Friday, May 10 2013, 05:56 PM MDT
Crew Makes Plans to Fix Space Station Leak
By Laura Smith-Spark
(CNN) The International Space Station crew is preparing for a spacewalk to address the leak of ammonia from a cooling system, the commander said Friday.
NASA said the crew is preparing for a "possible" spacewalk and that a decision on whether to go ahead with it is likely to come late Friday.
Cmdr. Chris Hadfield of Canada announced the plan to venture outside the space station via his Twitter account.
"Good Morning, Earth! Big change in plans, spacewalk tomorrow, Chris Cassidy and Tom Marshburn are getting suits and airlock ready. Cool!" he posted Friday.
"The whole team is ticking like clockwork, readying for tomorrow," he tweeted a short time later. "I am so proud to be Commander of this crew. Such great, capable, fun people."
Cassidy and Marshburn are NASA astronauts. Hadfield, who is with the Canadian Space Agency, is aboard the space station as its commander.
Mission managers are discussing information on the leak that was gathered overnight, NASA said in a news release Friday.
Meanwhile, Cassidy and Marshburn worked in an airlock Friday to check out the U.S. spacesuits they will wear if a spacewalk is approved, NASA said, while Hadfield prepared for his role as choreographer of the spacewalk.
Cassidy and Marshburn have each done three spacewalks, all on a mission to the space station in 2009, NASA said. They collaborated on two of those spacewalks.
The six-man crew, which also includes three Russian cosmonauts, is not in danger from the leak, NASA said.
The leak was detected after the crew reported seeing small white flakes floating away from the station, NASA said Thursday in a news release.
NASA helped find the leak with external cameras while the crew used hand-held cameras pointed out of windows.
The leak is in a cooling loop in a solar array that has leaked before. NASA said crew members tried to fix a leak in November. It's unclear whether this is the same leak or a new one.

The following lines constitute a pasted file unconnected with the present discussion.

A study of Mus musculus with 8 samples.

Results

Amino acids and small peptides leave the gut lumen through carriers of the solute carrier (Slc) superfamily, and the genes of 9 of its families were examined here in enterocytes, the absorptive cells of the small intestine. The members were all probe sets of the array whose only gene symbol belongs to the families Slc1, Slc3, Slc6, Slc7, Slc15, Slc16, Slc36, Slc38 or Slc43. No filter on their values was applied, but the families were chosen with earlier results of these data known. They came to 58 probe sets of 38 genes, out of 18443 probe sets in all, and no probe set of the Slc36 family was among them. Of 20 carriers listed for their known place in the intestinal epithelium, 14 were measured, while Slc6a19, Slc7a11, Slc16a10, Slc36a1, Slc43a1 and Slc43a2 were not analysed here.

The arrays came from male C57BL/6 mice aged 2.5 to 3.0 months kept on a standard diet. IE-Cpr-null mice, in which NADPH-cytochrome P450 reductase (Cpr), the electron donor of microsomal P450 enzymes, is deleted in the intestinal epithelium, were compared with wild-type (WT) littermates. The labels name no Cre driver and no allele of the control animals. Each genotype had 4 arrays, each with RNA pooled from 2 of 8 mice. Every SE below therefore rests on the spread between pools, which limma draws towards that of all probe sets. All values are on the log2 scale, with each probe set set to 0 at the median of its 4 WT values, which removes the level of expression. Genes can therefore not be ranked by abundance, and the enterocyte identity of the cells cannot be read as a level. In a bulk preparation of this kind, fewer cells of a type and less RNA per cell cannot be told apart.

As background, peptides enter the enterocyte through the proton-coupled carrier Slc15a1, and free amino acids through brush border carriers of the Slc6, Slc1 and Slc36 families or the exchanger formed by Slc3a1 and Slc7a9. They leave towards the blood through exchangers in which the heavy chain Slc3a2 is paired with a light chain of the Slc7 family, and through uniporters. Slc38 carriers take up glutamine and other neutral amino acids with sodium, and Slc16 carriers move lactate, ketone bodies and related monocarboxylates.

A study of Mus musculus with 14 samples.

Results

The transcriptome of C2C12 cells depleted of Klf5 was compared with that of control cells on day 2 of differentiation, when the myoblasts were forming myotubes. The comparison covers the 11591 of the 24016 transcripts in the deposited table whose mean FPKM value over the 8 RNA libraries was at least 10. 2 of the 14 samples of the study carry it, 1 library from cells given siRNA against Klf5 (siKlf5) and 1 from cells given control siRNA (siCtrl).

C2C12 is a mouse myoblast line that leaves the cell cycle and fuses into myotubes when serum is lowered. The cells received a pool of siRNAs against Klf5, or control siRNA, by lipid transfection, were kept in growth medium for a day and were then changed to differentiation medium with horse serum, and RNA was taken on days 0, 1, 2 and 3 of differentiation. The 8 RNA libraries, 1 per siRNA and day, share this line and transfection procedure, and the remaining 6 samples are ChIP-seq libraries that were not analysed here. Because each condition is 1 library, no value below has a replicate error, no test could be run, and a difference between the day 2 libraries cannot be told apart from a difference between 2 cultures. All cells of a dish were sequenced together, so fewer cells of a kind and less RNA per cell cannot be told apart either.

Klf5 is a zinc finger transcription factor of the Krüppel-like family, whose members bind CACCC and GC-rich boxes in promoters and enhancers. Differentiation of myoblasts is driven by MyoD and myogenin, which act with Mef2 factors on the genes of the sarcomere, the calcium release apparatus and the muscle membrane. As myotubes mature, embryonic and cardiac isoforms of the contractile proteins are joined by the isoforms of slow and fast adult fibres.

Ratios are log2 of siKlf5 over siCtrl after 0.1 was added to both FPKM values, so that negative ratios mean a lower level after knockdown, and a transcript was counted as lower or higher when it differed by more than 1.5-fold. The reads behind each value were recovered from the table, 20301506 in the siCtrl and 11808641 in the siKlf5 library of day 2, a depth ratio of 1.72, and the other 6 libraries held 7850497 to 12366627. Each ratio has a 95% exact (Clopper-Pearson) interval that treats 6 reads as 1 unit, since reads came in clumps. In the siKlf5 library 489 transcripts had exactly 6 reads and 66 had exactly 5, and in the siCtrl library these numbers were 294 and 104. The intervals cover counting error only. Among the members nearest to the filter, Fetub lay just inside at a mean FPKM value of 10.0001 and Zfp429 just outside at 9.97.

The ammonia coolant for the power channel, one of eight used to supply electricity to the station, is likely to run out by late Friday morning and it will be shut down, NASA said.
It is devising a plan to reroute other power sources so that all systems remain fully operational.
Ammonia is used to cool each of the solar arrays that provide electricity to station systems, NASA said.
"It is a serious situation, but between crew and experts on the ground, it appears to have been stabilized. Tomorrow we find out for certain," Hadfield tweeted Thursday.
Hadfield, Marshburn and Russian cosmonaut Roman Romanenko are scheduled to leave the station Monday at 7:08 p.m. ET.
Hadfield asked NASA on Thursday if the leak would affect the undocking.
Capsule Communicator Doug Wheelock said that officials at the Mission Control Center in Houston saw nothing they couldn't overcome technically, but they would have more information in the morning.
Three crew members, Cassidy and Russian cosmonauts Alexander Misurkin and Pavel Vinogradov, will remain on the space station when the others leave.
They will be joined at the end of the month by three new crew members: NASA astronaut Karen Nyberg, Russian cosmonaut Fiyodor Yurchikhin and European Space Agency astronaut Luca Parmitano, who are due to launch aboard a Russian Soyuz spacecraft on May 28.
The space station is operating normally aside from the leak, NASA said.